With no action taken on igaming by the July deadline for balancing the budget, no action is now expected until the autumn. Mark Balestra of Segev LLP looks at where legislators left off and reviews the points to be addressed once they revisit the issue.
Igaming in Pennsylvania is on hold for the moment. Supporters of HB 271 hung their hopes for the summer on the legalisation of Internet gambling under a broad plan to overcome the state’s fiscal woes.
HB 271 would establish a framework for regulating Internet-based casino games, lottery games, poker and daily fantasy sports, and is viewed by many as a badly needed source of state revenue. But with the July deadline for balancing the budget in Pennsylvania coming and going with no action taken, the igaming industry is left waiting on the sidelines for new traction.
The House and Senate have taken turns passing vastly different versions of HB 271, with the latest version passing in the House in June. The matter lay in the hands of the Senate as the budget deadly passed, and Sen. Jay Costa tweeted on 1 August that he doesn’t expect further action on igaming until the fall.
In the meantime, here is a brief review of the important points to be addressed once the legislature revisits the issue:
- VGTs – supporters in the House have insisted on the inclusion of a provision to legalise video gaming terminals (VGTs). This would be heavily opposed by the state’s casino industry, and igaming supporters in the Senate have accordingly refused to approve any such provision.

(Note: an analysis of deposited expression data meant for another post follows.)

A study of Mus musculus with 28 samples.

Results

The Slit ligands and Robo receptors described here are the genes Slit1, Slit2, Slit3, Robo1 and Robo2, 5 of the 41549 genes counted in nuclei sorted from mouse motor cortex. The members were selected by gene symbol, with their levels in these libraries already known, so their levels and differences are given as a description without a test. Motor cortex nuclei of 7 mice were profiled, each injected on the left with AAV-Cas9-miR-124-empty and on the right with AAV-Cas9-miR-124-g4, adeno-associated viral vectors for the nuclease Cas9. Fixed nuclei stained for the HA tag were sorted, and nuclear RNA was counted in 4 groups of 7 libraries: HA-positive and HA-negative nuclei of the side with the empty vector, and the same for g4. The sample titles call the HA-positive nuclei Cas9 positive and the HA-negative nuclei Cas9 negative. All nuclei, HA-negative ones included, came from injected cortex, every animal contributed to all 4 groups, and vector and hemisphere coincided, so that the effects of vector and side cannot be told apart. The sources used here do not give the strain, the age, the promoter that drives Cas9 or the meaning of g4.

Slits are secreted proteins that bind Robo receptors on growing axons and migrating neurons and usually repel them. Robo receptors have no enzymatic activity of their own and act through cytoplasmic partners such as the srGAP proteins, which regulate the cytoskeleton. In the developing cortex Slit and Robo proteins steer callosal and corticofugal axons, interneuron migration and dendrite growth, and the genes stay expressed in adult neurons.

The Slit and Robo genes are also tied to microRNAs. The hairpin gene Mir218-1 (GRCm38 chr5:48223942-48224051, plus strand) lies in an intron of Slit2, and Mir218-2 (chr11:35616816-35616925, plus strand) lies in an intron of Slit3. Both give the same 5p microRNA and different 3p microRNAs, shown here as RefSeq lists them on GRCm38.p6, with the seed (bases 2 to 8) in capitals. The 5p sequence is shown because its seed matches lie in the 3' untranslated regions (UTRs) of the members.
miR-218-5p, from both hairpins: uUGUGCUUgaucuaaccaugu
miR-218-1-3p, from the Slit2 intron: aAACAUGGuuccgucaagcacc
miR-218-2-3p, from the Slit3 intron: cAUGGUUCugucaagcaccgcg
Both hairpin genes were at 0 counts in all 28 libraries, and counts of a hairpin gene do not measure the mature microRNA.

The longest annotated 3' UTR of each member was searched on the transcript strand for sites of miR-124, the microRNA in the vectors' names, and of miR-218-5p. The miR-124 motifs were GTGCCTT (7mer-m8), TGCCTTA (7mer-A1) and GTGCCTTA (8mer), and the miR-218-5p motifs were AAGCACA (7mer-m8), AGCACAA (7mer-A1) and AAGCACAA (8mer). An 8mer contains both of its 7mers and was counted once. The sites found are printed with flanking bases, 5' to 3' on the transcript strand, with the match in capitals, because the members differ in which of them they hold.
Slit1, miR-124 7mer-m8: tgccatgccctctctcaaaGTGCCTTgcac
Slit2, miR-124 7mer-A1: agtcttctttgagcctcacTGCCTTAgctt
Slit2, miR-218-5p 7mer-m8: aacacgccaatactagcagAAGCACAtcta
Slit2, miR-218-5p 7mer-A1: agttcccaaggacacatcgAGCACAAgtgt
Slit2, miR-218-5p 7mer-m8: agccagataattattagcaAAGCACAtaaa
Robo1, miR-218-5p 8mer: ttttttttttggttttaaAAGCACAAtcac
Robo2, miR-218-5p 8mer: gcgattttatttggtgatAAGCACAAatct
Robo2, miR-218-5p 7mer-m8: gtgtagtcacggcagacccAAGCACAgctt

- Casino tax rates – the House wants a 16% tax on all regulated igaming, while Senators have advocated for a 16% tax on poker and 54% on slots and casino games.
- DFS tax rates – the most recent House bill calls for a 19% tax on daily fantasy sports, compared to 12% in the Senate.
- Fees – the most recent House bill prescribes an $8m upfront licensing fee, compared to a $5m fee agreed upon in the Senate.
- Common ground – the most recent proposal in each chamber includes a fix for the state’s local share tax issue; the regulation of daily fantasy sports; the authorisation of only lottery sales; the authorisation of tablet gaming at certain Pennsylvania airports; and the removal of the Category 3 amenity requirement for a one-time fee.
Among discrepancies between the two chambers’ proposals, taxation and VGTs present the biggest challenges. A successful igaming measure could hinge on whether House supporters can be convinced to drop the inclusion of VGTs. Otherwise, pressure applied by the casino industry could paralyse the effort.
Likewise, whether Senate supporters are willing to come down on the tax rate remains to be seen.
The 54% casino tax is comparable to land-based rates but is around triple the standard for online casinos. The House could conceivably capitulate on tax rate, but a high rate could doom the industry in Pennsylvania.